Who Will Take Care of the Children? BMO Study Shows Majority of Canadian Parents have Not Appointed a Guardian
- Only 37 per cent of Canadian parents have appointed a guardian
- 80 per cent of parents would look to family when choosing a guardian
- Majority don't know how much money they would leave to a guardian to cover additional expenses
- The holiday season is an excellent time to begin discussing guardianship with family and friends
TORONTO, ONTARIO--(Marketwire - Dec. 15, 2011) - BMO Harris Private Banking today released the results of a study examining the topic of guardianship among Canadians with children under the age of 18; the study found that two-thirds of Canadian parents (63 per cent) have not named a guardian for their children and/or do not have a will.
Guardians are legally responsible for the care of a child should something happen to his/her parents. The most legally effective way for parents to identify a guardian is to specify their choice in a will.
Although the majority of respondents have not officially appointed someone as guardian, the survey, conducted by Leger Marketing, revealed that 80 per cent of Canadians with minor children have thought about who they would appoint, with family topping the list:
- Siblings (47 per cent)
- Parents (17 per cent)
- Other family members such as grandparents and aunts/uncles (16 per cent)
The study also found that, when appointing a guardian, the overwhelming majority (98 per cent) consider parenting skills to be the most important factor, followed by financial stability (93 per cent).
"It's good to see that Canadian parents with children under the age of 18 are thinking about who they would have take care of their loved ones, but they need to follow through with the next logical step and make it official," said Sara Plant, Vice President and National Director Wealth Planning and Trust Services, BMO Harris Private Banking. "If something dire were to happen and a guardian has not been appointed, the process can become quite complex."
Ms. Plant also added that, in order to appoint a guardian, parents should do so in their will. The BMO study indicated that 40 per cent of Canadians with minor children do not have a legal will.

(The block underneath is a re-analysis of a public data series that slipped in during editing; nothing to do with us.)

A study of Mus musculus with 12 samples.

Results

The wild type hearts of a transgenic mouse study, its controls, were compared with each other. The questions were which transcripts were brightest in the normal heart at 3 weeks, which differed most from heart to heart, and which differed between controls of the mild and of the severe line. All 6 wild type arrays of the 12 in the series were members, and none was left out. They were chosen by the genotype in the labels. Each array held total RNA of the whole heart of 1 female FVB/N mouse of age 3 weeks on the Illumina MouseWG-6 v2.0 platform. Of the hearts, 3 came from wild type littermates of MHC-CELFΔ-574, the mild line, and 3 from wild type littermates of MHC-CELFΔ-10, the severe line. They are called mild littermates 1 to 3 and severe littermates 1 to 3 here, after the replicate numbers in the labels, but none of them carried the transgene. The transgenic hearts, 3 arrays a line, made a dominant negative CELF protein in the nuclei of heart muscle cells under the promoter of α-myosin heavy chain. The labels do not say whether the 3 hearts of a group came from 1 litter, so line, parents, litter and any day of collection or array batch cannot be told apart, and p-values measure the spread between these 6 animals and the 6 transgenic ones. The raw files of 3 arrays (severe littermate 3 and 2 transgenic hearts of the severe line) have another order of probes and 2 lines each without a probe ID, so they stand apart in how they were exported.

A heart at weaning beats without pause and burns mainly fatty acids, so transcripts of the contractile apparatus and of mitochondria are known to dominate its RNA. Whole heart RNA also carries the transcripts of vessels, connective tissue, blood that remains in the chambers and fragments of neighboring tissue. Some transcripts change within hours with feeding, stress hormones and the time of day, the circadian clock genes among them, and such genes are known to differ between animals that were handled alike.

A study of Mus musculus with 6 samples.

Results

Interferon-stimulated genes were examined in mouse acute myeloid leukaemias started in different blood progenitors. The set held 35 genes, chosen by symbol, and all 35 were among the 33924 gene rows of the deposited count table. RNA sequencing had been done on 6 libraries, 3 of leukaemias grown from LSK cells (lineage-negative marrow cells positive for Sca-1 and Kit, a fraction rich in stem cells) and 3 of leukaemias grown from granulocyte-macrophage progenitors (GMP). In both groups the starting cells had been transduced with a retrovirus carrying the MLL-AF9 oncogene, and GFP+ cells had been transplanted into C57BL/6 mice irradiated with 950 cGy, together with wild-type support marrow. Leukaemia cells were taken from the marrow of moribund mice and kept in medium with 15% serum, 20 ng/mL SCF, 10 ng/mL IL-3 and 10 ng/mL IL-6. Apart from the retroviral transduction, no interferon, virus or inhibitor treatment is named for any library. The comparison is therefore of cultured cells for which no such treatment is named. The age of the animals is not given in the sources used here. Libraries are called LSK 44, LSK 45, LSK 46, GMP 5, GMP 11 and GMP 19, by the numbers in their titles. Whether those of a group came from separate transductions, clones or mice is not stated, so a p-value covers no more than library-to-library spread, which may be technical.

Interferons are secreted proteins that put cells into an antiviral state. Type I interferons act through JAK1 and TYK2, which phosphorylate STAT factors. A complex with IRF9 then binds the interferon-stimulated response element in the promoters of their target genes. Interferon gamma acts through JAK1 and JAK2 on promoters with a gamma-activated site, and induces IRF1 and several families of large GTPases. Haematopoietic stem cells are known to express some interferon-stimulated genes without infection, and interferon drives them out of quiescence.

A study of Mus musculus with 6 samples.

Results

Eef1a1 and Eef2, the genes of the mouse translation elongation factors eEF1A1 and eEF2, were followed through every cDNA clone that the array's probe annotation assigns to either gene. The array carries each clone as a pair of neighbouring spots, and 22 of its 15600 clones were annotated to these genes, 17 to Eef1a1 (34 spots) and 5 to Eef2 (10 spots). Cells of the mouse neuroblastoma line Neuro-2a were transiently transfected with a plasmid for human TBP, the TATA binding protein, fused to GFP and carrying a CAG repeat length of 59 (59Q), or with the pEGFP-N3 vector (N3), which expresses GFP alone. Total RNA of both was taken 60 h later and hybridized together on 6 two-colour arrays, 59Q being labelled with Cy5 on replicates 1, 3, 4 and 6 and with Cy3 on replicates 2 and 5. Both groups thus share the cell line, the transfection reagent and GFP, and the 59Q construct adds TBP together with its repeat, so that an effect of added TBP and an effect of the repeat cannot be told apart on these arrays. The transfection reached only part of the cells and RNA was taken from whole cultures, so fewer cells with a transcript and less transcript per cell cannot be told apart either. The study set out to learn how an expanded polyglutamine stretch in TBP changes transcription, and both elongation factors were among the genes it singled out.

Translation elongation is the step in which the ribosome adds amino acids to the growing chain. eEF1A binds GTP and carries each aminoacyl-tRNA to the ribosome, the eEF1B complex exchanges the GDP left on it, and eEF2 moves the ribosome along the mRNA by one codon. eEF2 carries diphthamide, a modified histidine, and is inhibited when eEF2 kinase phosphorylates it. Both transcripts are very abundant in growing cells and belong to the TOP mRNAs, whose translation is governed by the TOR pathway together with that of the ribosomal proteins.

The study also found that making the final decision of who to choose can be quite challenging, with almost one-third of respondents (29 per cent) who indicated that if they had to appoint a guardian they thought the decision would require more consideration than they originally thought.
Other Key Findings:
- More than half of Canadians with minor children (51 per cent) do not know how much money they would leave to their guardian for extra expenses
- The majority of respondents (62 per cent) would willingly accept if asked to be a guardian
Ms. Plant advised that the holiday season, traditionally a time when families come together, is an excellent opportunity to discuss the issue of guardianship with one's spouse, children and/or potential guardians.
"Choosing a guardian is a delicate process that requires a considerable amount of thought and preparation, and is not something that should be done hastily or taken lightly," concluded Ms. Plant. "As the holidays approach, now is a good time to sit down with family members or friends and have an open and honest conversation about guardianship."
The online survey was conducted by Leger Marketing among 374 Canadians with minor children, between November 14 and November 17, 2011.
For more information, please visit http://www.bmo.com/harrisprivatebanking.
About BMO Harris Private Banking
Backed by the heritage, stability and resources of BMO Financial Group, professionals at BMO Harris Private Banking are responsible for the successful management of wealth by providing expert advice and highly personalized services in banking, investment management, estate, trust, succession planning and philanthropic services - all in a coordinated and confident approach. With 34 offices across the country, including Halifax, Montreal, Toronto, Calgary and Vancouver.